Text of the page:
How football can explain standards-based learning

Most teachers continue to issue overall letter grades based on a student’s overall average; the teacher takes the average of every score on every assignment over the course of an entire semester then issues a single letter grade to show the student’s accomplishments. The letter grade becomes the goal of going to school, not how much a student learns or how much a student grows.

One of my biggest issues with traditional grading (I have many) is that averages, in my opinion, are meaningless. It’s the results at the end that matter more to me. My usual argument uses a sports reference from when I ran the 100m dash in track in high school, and it goes as follows:

  1. I never earned a medal based on my average times from all my practices; practice helps me prepare but practice itself is not counted
  2. I never earned a medal based on my average times from all my races; each race was a chance to earn a medal
  3. If I lost a race on Monday it had no bearing on my next race on Friday
  4. My times got better throughout the year; my coach really only looked at the last race or two to decide if I would be entered in the next meet but he never took the average of my times to make that decision
  5. I qualified for the state finals because of my time in the final qualifying race of the season; no other previous times mattered

Don’t take my word for it, though. I will turn to Bill Belichick, coach of the New England Patriots and winner of four Super Bowls in the last 15 years. At the halfway point of the 2015 season, a reporter told Belichick that his quarterback is the mid-season MVP. Belichick’s reply was,

“That’s great, but honestly I don’t think anyone is really focused on that… Some midseason report card, who cares? What difference does it make? Give me an F. Give me a C+. Right now we’re focused on the Giants [their next opponent]. That’s all I really care about.”

The reporter then asked the coach what grade he would give his quarterback. Belichick’s response was, “I don’t give grades… We’re trying to beat the Giants. I don’t really care about some midseason midterm grades. Give me whatever you want.”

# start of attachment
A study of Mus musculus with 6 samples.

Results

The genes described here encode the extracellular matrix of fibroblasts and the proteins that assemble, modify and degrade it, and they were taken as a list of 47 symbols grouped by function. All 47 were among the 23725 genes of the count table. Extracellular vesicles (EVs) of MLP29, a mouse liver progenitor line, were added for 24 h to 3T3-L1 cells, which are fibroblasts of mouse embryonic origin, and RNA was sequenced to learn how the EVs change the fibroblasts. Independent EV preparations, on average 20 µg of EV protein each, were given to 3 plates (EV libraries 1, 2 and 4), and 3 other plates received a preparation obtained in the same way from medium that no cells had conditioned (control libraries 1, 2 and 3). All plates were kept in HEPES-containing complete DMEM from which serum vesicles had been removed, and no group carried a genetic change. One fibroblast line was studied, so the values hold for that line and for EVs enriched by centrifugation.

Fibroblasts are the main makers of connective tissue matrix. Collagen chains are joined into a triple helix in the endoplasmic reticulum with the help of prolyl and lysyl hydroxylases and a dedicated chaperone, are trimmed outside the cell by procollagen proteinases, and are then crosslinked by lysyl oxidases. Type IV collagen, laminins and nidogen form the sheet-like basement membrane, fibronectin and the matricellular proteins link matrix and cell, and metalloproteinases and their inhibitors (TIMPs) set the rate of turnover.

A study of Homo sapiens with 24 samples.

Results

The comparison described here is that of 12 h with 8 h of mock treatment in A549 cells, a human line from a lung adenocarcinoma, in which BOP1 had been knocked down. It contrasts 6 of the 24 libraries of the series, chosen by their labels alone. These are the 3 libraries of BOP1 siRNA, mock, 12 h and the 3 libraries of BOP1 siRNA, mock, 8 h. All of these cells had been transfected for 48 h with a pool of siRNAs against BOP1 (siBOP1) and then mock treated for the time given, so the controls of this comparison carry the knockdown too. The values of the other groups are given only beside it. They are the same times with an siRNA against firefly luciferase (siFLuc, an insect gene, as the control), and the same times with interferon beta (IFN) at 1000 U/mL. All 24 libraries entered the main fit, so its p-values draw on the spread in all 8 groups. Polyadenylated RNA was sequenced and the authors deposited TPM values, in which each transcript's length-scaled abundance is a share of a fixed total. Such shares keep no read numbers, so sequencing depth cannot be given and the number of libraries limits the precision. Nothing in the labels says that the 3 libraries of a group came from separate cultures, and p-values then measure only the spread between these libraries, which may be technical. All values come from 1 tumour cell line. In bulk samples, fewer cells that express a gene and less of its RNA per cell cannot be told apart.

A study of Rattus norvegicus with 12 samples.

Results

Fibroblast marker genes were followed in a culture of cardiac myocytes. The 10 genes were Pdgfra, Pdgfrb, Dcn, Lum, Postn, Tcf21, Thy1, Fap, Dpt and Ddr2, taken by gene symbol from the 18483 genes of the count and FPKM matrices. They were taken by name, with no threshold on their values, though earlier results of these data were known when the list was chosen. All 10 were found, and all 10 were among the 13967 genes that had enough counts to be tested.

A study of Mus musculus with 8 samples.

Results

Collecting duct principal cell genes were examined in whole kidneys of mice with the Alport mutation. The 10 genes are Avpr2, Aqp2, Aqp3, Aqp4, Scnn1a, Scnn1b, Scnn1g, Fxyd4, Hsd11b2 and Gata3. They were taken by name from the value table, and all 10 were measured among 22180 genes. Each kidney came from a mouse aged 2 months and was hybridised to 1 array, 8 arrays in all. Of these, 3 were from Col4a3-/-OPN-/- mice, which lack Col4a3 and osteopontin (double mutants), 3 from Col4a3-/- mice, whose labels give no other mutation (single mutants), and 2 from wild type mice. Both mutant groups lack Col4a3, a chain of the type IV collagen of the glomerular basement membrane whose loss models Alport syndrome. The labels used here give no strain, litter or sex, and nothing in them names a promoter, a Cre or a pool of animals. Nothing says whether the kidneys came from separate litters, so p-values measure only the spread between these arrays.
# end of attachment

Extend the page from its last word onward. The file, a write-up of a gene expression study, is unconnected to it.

In football, nothing really matters except winning the Super Bowl at the end of the season. It doesn’t matter where you stand at any point during the season except for the fact that you need to make the playoffs and win the championship. Let’s look at the 2007 NFL season as an example of whether or not a team met the standard. The Patriots were 18-0 going into the Super Bowl; their average was 100%. But they lost the Super Bowl, dropping their average to 95%. Yes, they performed well all year, but they did not meet the standard of winning the Super Bowl. A teacher would still give them an overall grade of 95%, which is an A, yet they didn’t prove they knew what they needed to know.

patriots lose super bowl the catch 2
David Tyree of the New York Giants trapped the pass against his helmet and held on to get the first down. The Giants scored on that last drive and beat the 18-0 New England Patriots to win Super Bowl 42.

Their opponent was the Giants, who entered the playoffs at 10-6 for an average of 63%. They won the next four playoff games to win the title. What was their new average? 70%. For a teacher issuing traditional grades, the Giants would get a C-. But if you look at the STANDARD, which is winning the Super Bowl, they met the goal that everyone is striving for.

Averaging scores for an entire semester just doesn’t make sense to me. It penalizes every student if they do not understand a concept during the week it was taught, even if the student learns later in the year and remembers it forever. Is the point of grades to measure learning at the exact moment that something appears in the curriculum, or is it more important to fully understand the concept before the course ends? Providing students with meaningful feedback throughout the semester – telling them where their strengths and weaknesses lie on a continuous basis – is far more valuable in helping a student meet the standards by the end of the year than issuing a final, single letter grade based on the average of how their scores from assignment.

feedback

References

Curran, Tom E. “Belichick’s Report Card? ‘Who Cares? Give Me an F'” Comcast SportsNet New England. Comcast SportsNet New England, 11 Nov. 2015. Web. 11 Nov. 2015. <http://www.csnne.com/new-england-patriots/belichick-report-card-who-cares-give-me-f>.